Against the backdrop of the recent culture debates within the Australian Defence Force (ADF), the Australian Army Journal recently sought submissions for an upcoming ‘special culture edition’. The decision to focus an entire edition of the journal on cultural issues is not only timely; it is welcome for a variety of reasons.
The culture edition should take a significant step towards addressing the dearth of research on a number of military and culture related topics in the Australian context. In terms of my own area of interest—cross cultural awareness training—the comparatively large volume of material being produced by American academics and military personnel on this topic carries with it a raft of useful lessons for Australia. But as previously recognised (PDF) within the Australian Army Journal, Australia must develop approaches to cross cultural awareness that are appropriate to our own circumstances and are based on deep reflection on our own experiences. Apart from the works of David Kilcullen and a handful of others, few Australian produced reports devote more than a few paragraphs to the discussion of cross cultural awareness. Nevertheless, most recognise its value as a capability that is integral to Australia’s conflict and HADR operations overseas.
The importance of cultural awareness should not be underestimated. Culturally based conflicts between foreign troops and local populations can have significant strategic consequences. In 2012 ISAF commanders estimated that between 50 and 90% of so called ‘green on blue’ attacks could be attributed to cultural and personal differences between Afghan and coalition forces. As part of a package of measures designed to curb the number of such attacks – which threatened to derail ISAF’s training mission and consequently its exit strategy – NATO increased “cultural sensitivity programs for foreign soldiers”. Although research shows that the causes for such attacks are likely to be complex and cultural training offers only a partial remedy to reduce such incidents, it also affirms that cultural differences have indeed played a significant role in the increase in attacks since 2008.
In an internet age the impact of cultural blunders can be magnified and they can have enduring security implications. When US troops accidentally burnt around 100 religious texts at Bagram Air Base in 2012, riots ensued causing at least 30 deaths in Afghanistan. But the influence of this incident was felt more broadly and its impact might be borne for years to come. In the latest copy of its Inspire magazine, Al-Qaeda in the Arabian Peninsula (AQAP) referred to this incident in order to persuade its audiences to conduct terrorist attacks in Western countries. AQAP’s discussion, in the same magazine, of the torture at Abu Ghraib shows that the memory and influence of some assaults on cultural values do not fade over time and they can continue to shape Australia’s domestic security.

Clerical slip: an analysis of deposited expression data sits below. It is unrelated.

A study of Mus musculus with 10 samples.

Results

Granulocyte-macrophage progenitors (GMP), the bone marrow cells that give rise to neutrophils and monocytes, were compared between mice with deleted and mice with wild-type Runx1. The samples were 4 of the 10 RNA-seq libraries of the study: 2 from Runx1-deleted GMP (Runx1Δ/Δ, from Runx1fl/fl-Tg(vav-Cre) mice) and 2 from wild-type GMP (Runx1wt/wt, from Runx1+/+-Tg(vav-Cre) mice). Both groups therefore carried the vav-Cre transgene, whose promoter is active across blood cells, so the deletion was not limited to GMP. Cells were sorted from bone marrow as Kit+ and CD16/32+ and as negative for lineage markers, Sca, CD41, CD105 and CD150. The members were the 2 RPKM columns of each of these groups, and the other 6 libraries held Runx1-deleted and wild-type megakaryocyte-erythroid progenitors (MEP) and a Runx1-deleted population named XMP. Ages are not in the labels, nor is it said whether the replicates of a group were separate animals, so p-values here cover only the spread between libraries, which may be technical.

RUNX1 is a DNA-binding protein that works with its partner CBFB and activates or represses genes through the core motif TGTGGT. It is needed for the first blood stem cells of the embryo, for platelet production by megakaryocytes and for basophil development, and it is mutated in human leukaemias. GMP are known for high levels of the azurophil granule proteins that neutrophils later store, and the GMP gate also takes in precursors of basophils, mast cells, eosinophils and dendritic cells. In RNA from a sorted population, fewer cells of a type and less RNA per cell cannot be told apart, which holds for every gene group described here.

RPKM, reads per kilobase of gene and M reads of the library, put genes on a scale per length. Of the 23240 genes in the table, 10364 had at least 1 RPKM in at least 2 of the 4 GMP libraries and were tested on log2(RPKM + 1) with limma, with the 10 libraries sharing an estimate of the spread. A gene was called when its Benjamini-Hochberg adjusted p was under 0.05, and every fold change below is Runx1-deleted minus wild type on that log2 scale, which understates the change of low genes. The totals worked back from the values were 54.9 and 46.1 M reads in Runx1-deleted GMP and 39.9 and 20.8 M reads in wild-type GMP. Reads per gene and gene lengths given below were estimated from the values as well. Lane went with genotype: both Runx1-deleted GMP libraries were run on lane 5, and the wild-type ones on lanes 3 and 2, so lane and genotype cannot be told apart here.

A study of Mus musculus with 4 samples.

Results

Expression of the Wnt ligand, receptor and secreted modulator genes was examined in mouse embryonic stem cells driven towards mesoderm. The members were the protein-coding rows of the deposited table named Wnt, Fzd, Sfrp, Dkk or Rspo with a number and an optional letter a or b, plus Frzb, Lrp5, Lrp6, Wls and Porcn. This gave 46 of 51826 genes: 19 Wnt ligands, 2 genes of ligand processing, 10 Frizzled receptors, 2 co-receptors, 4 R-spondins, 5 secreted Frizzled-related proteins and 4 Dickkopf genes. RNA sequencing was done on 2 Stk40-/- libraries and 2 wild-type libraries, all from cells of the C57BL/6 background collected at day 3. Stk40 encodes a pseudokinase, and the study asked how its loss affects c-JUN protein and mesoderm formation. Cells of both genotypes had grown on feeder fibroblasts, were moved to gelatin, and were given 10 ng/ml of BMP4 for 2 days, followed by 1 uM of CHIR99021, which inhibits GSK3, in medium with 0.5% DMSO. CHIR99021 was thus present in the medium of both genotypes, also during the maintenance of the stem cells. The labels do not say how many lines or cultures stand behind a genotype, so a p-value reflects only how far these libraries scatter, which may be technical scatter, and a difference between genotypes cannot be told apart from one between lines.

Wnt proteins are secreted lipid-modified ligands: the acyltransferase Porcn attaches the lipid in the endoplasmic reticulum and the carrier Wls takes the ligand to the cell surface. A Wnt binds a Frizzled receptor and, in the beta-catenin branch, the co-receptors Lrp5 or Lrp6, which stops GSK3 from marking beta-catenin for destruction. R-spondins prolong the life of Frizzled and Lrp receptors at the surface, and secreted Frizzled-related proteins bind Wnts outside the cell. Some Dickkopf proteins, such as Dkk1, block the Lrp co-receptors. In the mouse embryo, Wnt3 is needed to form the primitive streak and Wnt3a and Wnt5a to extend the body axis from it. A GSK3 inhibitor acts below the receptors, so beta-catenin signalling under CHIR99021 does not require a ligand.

But the Australian Army Journal’s culture edition is not only potentially valuable for its capacity to spark a deeper discussion in Australia on a range of significant cultural issues. As demonstrated by its publication of a number of unflattering assessments of the Army’s approach to cross cultural awareness training, the Australian Army Journal provides ADF personnel of various ranks with the capacity to shape its debates on culture; not just the ‘top brass’. This is important because the kind of ‘cultural evolution’ sought through the Pathways to Change: Evolving Defence Culture (PDF) strategy cannot be simply imposed in a top-down fashion. Lasting and broad cultural change will not occur unless it is also driven from the ‘bottom-up’ and by those at multiple points in the cultural hierarchy.
However, it doesn’t just fall to the ADF to deliver greater critical commentary on military cultural issues. Those of us who are best placed within academia and think tanks to study these issues—sociologists and cultural studies scholars—aren’t researching them in large numbers. In their ASPI special report on professional military education, Hugh Smith and Anthony Bergin offer a number of suggestions to address the underdevelopment of military sociology as a discipline in Australian. But their recommendations might not lead to greater study of the topics the Australian Army Journal asked scholars to address in its culture edition. There’s a chronic need to address the underrepresentation of women within military scholarship, and to increase the acceptance that certain cultural issues are legitimate topics of study within this field. In the absence of broader change, the Australian Army Journal should be applauded for issuing a long overdue challenge; an adaptive military needs to be backed by an adaptive field of scholars, and we should rise to meet their challenge.
Roslyn Richardson is an analyst at ASPI.